Among the creaters of the first commercial mouse, engineer Jack Hawley helped create the mechanical ball mouse in 1975 for the Xerox Corporation. Xerox engineers were developing the Alto workstation before personal computers were the norm. That mouse tracked and encoded the mouse's movement via a steel ball.
Ball tracking and simpler software improved on the potentiometers or expensive analog-to-digital signal converters of the earliest mouse. The original mouse that tracked with wheels was invented at SRI by Douglas Engelbardt and Bill English. Hawley is the lead inventor on a Xerox patent filed in 1973 for a mouse which used wheels to track the X and Y movements.
With licensing from Xerox, Hawley produced his own X063X mouse at his Mouse House in Berkeley. Most customers were professional architects and engineers using AutoCAD on a workstation of a mainframe computer. In advertisements, the company called itself "purveyors of fine mice since 1975," "a division of Hawley Laboratories." And boasts, "After all, we invented our first digital mouse in 1972."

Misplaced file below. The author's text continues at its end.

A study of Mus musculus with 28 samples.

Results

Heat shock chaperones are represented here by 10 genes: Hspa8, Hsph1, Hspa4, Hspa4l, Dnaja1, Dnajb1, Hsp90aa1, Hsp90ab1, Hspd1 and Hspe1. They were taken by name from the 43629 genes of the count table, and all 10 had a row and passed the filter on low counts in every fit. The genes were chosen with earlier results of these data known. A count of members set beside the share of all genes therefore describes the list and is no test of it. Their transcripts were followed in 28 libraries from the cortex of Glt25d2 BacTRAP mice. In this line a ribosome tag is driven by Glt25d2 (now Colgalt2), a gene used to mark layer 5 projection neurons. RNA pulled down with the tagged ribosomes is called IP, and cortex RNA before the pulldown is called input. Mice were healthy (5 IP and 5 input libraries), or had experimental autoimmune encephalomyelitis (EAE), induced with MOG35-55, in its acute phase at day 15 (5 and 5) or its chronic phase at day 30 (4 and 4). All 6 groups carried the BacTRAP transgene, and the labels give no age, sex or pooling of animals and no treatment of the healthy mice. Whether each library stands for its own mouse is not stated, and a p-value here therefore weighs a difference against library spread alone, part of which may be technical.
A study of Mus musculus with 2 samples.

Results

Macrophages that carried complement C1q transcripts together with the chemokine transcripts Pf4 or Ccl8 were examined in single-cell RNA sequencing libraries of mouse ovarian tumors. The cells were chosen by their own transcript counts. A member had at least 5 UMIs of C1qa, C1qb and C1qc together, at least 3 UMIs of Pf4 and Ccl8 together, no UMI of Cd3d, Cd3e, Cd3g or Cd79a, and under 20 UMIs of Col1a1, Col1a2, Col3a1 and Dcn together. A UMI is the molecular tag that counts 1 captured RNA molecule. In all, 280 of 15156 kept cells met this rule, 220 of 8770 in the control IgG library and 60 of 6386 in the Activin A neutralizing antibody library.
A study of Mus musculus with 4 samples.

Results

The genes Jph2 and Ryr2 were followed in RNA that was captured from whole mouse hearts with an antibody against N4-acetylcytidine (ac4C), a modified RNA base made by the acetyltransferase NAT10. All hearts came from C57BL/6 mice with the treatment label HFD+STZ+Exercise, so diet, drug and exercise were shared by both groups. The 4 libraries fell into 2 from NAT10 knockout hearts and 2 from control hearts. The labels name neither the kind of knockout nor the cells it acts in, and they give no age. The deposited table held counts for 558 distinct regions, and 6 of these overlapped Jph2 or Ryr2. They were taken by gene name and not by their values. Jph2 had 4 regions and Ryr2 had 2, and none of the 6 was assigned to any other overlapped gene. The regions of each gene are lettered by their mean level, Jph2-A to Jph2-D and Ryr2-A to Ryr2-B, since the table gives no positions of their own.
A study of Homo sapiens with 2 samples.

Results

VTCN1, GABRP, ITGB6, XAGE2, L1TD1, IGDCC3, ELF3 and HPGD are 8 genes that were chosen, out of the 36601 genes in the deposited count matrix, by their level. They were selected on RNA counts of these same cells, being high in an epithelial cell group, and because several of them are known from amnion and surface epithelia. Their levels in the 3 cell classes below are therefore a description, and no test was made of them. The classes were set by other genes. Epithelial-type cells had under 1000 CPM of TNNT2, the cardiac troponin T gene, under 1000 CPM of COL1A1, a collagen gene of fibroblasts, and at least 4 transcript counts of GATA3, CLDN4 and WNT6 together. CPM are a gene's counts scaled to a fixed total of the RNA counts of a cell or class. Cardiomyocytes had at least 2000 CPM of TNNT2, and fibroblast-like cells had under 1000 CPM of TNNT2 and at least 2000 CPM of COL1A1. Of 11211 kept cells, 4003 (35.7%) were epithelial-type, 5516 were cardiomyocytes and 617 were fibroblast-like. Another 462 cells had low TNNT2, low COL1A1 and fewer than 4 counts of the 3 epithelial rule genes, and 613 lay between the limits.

In early 1983 Personal Computing magazine credited Jack Hawley as "the developer and builder of perhaps 80 percent of the mice in use" at that time.
In 1988 Hawley was working, in affiliation with Digital Equipment Corporation, on a mouse designed with two rolling feet instead of a ball because he believed it would track on any surface without the dirt accumulation problems that tracking by a ball encountered. (He filed a patent for the wheels design in 1986, Number 4,628,755.) That mouse became the round Hawley DEC mouse.
Meanwhile, when Key Tronic acquired Honeywell it acquired the Honeywell mouse, another mouse with two wheeled "feet" that was built on Hawley's design. Key Tronic marketed it under the Honeywell brand.